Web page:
Sunday, March 05, 2023

True Tilda, Private Eye and rendering dialect in print

When I was quoting from Arthur Quiller-Couch's True Tilda on this blog, I harvested them from the Project Gutenberg plain text version.

There you will find this introductory note:

This was one of the most enjoyable e-texts that I have prepared but also one of the most difficult. Many of the characters use the working class slang and dialect of 100 years ago and the author sticks to this consistently throughout the book. At times there seems to be as many apostrophes as characters!

This attempt to render dialect phonetically was still going strong in the 1950s and is wearing to the modern reader. I'm told the approved technique in fiction these days is to do with the odd phrase early on and then trust your readers to remember how that character speaks.

But it's still a live issue, as a letter in the current Private Eye shows:

May I be the 94th reader from "oop" north to take issue with your WhatsApp group writer's irritating phonetical spelling of the f-word in Lee Anderson MP's recent posts? It follows the trend of, presumably, RP-speaking writers to needlessly illustrate literally someone's accent.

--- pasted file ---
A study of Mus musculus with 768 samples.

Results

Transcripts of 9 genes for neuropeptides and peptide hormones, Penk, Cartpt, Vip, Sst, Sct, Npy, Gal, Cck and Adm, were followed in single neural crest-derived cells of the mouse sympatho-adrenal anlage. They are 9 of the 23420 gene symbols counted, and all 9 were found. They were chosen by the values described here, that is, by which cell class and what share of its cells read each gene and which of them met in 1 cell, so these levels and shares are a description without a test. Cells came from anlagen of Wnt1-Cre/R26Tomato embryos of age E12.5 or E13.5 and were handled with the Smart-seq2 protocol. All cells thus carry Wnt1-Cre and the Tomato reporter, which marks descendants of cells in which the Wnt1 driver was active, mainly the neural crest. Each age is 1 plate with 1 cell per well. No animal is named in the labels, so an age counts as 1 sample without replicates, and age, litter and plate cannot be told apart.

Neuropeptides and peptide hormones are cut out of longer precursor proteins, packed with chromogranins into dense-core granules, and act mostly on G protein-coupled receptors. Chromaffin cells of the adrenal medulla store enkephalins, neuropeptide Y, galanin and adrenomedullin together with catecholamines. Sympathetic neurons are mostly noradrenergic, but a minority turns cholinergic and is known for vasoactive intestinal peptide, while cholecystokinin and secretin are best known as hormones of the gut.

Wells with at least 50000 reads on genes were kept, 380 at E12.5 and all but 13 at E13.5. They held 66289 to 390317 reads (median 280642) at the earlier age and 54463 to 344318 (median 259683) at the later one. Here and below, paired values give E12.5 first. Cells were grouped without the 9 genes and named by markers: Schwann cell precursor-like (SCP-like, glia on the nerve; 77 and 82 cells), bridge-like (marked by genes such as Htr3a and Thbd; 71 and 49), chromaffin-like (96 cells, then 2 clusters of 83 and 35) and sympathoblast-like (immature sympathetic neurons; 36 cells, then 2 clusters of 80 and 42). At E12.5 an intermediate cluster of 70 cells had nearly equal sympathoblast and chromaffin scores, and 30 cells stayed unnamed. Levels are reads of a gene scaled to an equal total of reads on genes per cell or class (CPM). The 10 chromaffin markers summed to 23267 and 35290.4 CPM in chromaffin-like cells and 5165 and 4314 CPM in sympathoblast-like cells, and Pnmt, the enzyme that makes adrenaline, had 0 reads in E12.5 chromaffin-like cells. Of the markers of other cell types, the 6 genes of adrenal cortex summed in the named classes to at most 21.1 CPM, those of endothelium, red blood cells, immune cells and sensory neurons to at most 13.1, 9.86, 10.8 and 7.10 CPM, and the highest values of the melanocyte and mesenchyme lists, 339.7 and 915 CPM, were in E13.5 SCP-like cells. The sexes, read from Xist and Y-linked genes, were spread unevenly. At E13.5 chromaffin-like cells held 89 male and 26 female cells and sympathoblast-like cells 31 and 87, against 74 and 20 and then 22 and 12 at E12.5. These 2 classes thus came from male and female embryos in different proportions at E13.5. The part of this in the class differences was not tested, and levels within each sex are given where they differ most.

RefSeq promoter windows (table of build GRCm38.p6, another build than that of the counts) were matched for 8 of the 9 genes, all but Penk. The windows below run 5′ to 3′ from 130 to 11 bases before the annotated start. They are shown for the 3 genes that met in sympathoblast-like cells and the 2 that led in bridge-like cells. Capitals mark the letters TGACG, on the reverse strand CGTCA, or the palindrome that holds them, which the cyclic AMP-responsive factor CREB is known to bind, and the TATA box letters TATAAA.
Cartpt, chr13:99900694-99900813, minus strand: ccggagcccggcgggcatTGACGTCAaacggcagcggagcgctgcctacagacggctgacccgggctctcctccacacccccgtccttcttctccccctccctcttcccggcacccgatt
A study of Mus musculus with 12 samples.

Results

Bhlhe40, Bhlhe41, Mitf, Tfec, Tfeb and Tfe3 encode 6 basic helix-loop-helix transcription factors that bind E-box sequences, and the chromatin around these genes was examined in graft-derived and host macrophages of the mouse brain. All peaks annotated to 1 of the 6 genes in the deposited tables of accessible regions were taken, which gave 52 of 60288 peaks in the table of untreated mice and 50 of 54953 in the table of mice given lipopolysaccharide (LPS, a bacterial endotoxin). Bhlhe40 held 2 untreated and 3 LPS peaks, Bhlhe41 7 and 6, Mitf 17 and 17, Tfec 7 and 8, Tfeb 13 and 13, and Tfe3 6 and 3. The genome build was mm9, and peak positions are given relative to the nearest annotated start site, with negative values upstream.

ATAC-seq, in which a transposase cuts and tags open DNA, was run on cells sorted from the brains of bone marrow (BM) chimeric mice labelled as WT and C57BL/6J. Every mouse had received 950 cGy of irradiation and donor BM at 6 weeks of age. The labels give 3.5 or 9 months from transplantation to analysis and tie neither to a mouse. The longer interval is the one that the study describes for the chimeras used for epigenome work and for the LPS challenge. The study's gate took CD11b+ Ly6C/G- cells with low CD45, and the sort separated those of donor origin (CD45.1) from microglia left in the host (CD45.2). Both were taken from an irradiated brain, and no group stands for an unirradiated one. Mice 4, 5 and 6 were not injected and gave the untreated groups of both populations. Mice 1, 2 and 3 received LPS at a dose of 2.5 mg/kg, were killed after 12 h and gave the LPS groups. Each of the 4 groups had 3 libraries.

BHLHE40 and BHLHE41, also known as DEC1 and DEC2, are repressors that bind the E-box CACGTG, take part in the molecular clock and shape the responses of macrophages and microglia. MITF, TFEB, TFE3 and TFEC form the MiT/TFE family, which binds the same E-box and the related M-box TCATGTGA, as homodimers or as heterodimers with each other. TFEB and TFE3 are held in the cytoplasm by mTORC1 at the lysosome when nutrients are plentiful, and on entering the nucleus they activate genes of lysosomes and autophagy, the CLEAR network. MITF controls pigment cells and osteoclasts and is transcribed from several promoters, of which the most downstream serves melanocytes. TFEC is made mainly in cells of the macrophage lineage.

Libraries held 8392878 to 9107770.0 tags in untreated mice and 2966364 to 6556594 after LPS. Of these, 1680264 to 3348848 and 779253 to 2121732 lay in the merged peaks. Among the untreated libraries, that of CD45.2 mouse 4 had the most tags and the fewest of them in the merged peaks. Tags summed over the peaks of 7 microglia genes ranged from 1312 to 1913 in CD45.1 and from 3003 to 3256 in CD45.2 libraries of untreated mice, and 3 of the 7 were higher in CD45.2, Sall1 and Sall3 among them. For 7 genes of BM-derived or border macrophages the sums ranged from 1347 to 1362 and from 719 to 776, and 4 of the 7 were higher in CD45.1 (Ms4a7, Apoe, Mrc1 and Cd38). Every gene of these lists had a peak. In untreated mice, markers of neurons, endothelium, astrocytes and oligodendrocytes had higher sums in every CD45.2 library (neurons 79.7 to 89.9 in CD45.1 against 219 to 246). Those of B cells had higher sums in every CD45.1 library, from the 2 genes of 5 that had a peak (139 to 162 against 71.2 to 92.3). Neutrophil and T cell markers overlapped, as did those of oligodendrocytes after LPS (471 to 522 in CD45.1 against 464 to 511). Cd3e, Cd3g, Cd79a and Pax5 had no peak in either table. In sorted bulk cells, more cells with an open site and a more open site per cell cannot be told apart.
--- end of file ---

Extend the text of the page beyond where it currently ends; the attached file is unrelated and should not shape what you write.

Many northeners will read "fook" with the long "oo", obviously, so it's a bit weird for us.

The other thing with those posts, of course, is that WhatsApp posts are generally typed, so the delightful Mr Anderson would hardly with the the word phonetically, would he?

English is not a phonetic language, whatever your accent, so the idea that we assume a character has an RP accent unless otherwise indicated tells us something about our society.